Over the years that I have been writing this blog there have been posts on taking care of yourself, reaching out to others, understanding that your loved one's addiction is not your fault, learning that all addicts manipulate and sometimes our good intentions lead us in the wrong direction. What does all this mean???
It means that if you want to reduce your suffering and possibly help the addict in your life you are going to have to make some changes in your own life.
Many people would come to the family class and of course want answers about how to solve their family member's addiction. They would want to know "How can I help them... get into treatment, stop using, talk some sense into them." They soon discovered that we didn't know the specific answer for their family member but a solution lay in improving the well being of those close to the addict and learning new skills in interacting with the addict and each other. This would require them to make some changes in their own life. For many this was just too overwhelming or they didn't believe it and they didn't come back.
Change is difficult, very difficult, both for the addict and the members of an addicted persons family. People have long standing habits of thinking and feeling. Some of these habits contribute to our suffering.
These habits may have worked in the past but now they don't work. We certainly don't want our children to suffer and we try to relieve that suffering. Isn't it what we are suppose to do as "good" parents.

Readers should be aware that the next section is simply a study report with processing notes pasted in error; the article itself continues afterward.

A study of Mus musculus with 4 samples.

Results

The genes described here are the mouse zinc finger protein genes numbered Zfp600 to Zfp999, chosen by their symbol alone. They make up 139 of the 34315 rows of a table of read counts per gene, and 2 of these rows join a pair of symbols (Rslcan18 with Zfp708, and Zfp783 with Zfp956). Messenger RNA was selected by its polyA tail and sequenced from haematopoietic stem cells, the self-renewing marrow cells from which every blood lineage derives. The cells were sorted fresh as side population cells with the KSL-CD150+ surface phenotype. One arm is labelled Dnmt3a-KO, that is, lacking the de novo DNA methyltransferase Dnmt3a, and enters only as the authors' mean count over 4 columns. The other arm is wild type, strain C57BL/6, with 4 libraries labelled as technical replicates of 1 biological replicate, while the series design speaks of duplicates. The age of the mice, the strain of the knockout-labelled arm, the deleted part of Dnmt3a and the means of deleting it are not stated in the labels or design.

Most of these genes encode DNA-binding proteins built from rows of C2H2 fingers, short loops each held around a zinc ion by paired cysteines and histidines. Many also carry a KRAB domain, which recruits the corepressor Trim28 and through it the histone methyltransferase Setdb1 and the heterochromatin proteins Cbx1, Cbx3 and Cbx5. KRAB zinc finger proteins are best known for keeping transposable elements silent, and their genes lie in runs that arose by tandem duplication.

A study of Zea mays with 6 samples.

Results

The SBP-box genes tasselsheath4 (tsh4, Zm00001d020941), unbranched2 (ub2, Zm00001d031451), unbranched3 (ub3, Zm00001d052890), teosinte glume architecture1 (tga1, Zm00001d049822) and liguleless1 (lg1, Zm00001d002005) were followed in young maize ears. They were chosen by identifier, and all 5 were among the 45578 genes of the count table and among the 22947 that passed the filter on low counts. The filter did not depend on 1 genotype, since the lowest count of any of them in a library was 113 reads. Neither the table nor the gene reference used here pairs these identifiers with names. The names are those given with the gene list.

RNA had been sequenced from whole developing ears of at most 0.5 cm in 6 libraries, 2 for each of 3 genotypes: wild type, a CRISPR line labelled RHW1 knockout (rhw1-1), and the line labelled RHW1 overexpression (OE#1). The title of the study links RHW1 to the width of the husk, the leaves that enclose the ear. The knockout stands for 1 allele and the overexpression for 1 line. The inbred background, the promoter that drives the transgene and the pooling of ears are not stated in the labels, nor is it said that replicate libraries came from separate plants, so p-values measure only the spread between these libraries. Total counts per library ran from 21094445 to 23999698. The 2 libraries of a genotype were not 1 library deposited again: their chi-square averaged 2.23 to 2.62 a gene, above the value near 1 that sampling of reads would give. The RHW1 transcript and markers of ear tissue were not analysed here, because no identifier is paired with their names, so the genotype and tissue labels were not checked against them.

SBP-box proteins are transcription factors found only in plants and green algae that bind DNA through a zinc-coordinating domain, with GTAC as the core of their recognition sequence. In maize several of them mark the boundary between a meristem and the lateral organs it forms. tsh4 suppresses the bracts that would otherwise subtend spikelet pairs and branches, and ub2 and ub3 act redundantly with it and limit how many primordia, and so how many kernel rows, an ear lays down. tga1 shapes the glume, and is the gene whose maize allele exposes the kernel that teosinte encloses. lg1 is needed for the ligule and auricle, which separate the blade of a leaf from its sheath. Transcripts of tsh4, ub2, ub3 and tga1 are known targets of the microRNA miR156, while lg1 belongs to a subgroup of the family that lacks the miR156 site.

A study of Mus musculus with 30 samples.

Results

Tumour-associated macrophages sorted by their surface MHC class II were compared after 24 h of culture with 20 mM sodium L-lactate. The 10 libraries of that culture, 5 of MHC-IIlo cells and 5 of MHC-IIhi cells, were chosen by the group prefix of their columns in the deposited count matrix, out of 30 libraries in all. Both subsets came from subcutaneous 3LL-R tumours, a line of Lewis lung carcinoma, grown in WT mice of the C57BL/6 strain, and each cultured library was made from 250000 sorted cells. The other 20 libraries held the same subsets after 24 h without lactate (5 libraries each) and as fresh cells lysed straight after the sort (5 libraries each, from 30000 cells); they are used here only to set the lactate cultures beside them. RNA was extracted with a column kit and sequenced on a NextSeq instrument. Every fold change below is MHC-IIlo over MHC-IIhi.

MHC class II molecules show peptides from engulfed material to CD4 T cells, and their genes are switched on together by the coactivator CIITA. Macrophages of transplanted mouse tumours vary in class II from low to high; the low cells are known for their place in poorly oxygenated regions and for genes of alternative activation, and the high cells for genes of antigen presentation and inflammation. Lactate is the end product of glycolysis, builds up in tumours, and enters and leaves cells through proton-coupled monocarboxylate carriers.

One of the tough skills we help parents to learn is not to automatically relieve their children's suffering when it is related to addiction (These children can be anywhere from teens to senior citizens). This isn't an all or nothing deal. People attending the class would do the best that they could and made progress. We teach that you should never do or not do anything that you are emotionally not able to follow through on and accept the consequences of the decision. In other words they don't start off by kicking the addict out on the street but might stop doing their laundry or buying them cigarettes.
Addicts are very resourceful. They may not like it but and of course will blame you but they will adjust. Addicts don't respond to logical thought about their addiction just experiences. If there is no consequences to their addiction there is no reason to change.
One more thing. If, for example, you decide to stop doing your loved ones laundry or stop buying the cigarettes to manipulate them in some way you will be disappointed. This intervention should only be done because it makes your life better not to make the addict behave in some way.